Some cities have prided themselves on such good water quality and taste that their water supplies only get minimal water filtration and treatment. However it has now been discovered that in certain of those water supplies, such as New York City, Boston and San Francisco, they get great enough quantities of copepods (microscopic shrimp-like animals) to cause clogging issues with people's filters.
For example, I have had several recent New York City customers who have had their UltraWater filters clog up because of these tiny, otherwise considered harmless, creatures. If you have any kind of ultra-fine filters that aren't cleanable, these little creatures can fill that filter very quickly and considerably shorten the life of the filter.
Some say copepods improve the taste of the water supplies they are in, but I don't like the idea of allowing water supplies to have such microscopic creatures in it, because you really don't know what kind of diseases, like cholera, they can harbor. Vegetarians may object to these animals being in their water supply. The question of Kosher has been raised as well. The problem of copepod bodies collecting inside of and clogging filters is what I'm focused on in this article. Of course random, premature, clogging of filters is an issue my customers object to as well.
There is a fairly simple solution to sediment and/or micro-organisms in your water, and that is the Bacteria Filter. The Bacteria Filter is a housing with a ceramic-carbon filter inside of it. You can get it as a free-standing filter system, which connects to your faucet and has its own dispenser spout. Or, you can opt to get the pre-filter set up, with quarter-inch quick-connect fittings on each end. This set-up is what you would get if you are using a water ionizer or other water filter system and just want the Bacteria Filter to go in-line before the ionizer to protect and extend the life of the system's internal filters.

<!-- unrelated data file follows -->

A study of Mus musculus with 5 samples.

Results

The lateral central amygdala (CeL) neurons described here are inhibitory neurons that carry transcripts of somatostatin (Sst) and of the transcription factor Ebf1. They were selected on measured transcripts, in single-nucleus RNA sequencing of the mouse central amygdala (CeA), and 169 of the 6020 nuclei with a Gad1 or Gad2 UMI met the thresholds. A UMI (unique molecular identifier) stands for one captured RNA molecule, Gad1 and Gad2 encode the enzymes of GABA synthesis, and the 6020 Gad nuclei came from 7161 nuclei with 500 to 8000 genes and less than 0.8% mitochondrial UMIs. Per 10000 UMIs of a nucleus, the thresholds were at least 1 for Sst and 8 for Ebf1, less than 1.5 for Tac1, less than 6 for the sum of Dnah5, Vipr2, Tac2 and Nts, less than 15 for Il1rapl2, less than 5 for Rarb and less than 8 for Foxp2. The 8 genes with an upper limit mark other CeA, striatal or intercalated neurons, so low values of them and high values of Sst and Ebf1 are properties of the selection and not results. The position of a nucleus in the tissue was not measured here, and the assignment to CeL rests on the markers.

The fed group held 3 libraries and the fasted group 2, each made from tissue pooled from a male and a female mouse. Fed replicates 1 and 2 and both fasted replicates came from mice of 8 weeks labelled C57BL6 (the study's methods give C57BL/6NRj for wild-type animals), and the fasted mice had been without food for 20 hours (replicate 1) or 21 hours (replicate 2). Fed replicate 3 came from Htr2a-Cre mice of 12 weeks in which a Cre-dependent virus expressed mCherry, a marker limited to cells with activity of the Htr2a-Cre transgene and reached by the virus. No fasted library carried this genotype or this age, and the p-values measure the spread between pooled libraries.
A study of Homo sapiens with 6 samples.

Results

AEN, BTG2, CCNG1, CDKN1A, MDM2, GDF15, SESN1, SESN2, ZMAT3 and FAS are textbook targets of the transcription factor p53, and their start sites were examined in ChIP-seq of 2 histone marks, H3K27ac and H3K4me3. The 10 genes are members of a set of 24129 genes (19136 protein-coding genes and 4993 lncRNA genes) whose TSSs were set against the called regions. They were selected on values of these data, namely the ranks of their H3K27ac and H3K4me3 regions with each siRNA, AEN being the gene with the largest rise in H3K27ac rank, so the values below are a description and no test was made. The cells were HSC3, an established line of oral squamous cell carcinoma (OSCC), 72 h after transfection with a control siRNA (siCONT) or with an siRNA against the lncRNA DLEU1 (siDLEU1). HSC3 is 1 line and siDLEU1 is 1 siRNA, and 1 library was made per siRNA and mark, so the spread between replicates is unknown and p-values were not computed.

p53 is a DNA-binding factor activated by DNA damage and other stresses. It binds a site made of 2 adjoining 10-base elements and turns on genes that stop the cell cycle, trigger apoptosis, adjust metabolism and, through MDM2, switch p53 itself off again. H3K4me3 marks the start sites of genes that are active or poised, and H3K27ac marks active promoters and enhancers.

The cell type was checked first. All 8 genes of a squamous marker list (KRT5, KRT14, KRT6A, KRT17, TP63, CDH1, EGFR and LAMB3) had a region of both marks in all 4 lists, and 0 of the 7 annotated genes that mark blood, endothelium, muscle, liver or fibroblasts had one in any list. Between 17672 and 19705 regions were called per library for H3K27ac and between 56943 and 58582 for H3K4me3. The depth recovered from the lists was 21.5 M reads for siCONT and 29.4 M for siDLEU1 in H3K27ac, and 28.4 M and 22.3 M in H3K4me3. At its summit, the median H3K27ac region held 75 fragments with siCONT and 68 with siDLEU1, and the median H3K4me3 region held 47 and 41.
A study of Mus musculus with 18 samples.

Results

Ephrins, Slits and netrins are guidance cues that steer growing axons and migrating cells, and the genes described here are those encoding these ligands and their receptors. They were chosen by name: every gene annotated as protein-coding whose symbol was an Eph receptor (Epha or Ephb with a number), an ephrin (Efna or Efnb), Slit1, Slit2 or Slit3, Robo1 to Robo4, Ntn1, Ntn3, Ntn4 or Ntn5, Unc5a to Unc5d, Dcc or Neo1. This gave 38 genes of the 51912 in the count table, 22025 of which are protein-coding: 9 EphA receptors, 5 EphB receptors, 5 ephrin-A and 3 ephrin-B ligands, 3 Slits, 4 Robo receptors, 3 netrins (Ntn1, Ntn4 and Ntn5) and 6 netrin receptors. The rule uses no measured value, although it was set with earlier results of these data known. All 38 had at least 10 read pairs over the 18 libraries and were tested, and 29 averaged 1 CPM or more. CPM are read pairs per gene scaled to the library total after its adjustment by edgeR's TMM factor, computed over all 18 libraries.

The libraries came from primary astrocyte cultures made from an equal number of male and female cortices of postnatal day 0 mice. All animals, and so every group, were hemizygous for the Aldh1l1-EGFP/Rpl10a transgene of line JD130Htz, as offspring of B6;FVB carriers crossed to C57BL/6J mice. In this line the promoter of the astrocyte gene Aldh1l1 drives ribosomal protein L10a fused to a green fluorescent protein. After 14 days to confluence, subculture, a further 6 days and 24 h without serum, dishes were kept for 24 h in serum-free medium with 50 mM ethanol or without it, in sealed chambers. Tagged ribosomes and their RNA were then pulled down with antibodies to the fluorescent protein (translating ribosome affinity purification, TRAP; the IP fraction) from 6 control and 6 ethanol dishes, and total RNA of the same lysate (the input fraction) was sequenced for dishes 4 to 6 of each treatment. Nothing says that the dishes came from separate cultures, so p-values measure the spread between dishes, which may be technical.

One great thing about this particular filter is that it is cleanable. The pores of the ceramic are extremely tiny, so much so that not even viruses can get through. When microscopic creatures, sediment or rust can't get through the exterior ceramic part of the filter, they will collect on the outside of the filter. Eventually when the collected sediment and other contaminants reach significant enough numbers to slow down the water flow, all you need to do is open up the housing and lightly scrub the outside of the ceramic filter with fine sand-paper or a teflon scrub pad. That's all that's needed to remove the creatures and save the life of your other filters. The Bacteria Filter system is quite inexpensive, plus the replaceable filter does a real nice job cleaning all kinds of contaminants out of the water and lasts about a year.
Another option would be to get a 1 micron sediment filter from a local hardware store, and replace it frequently. These are often fairly inexpensive.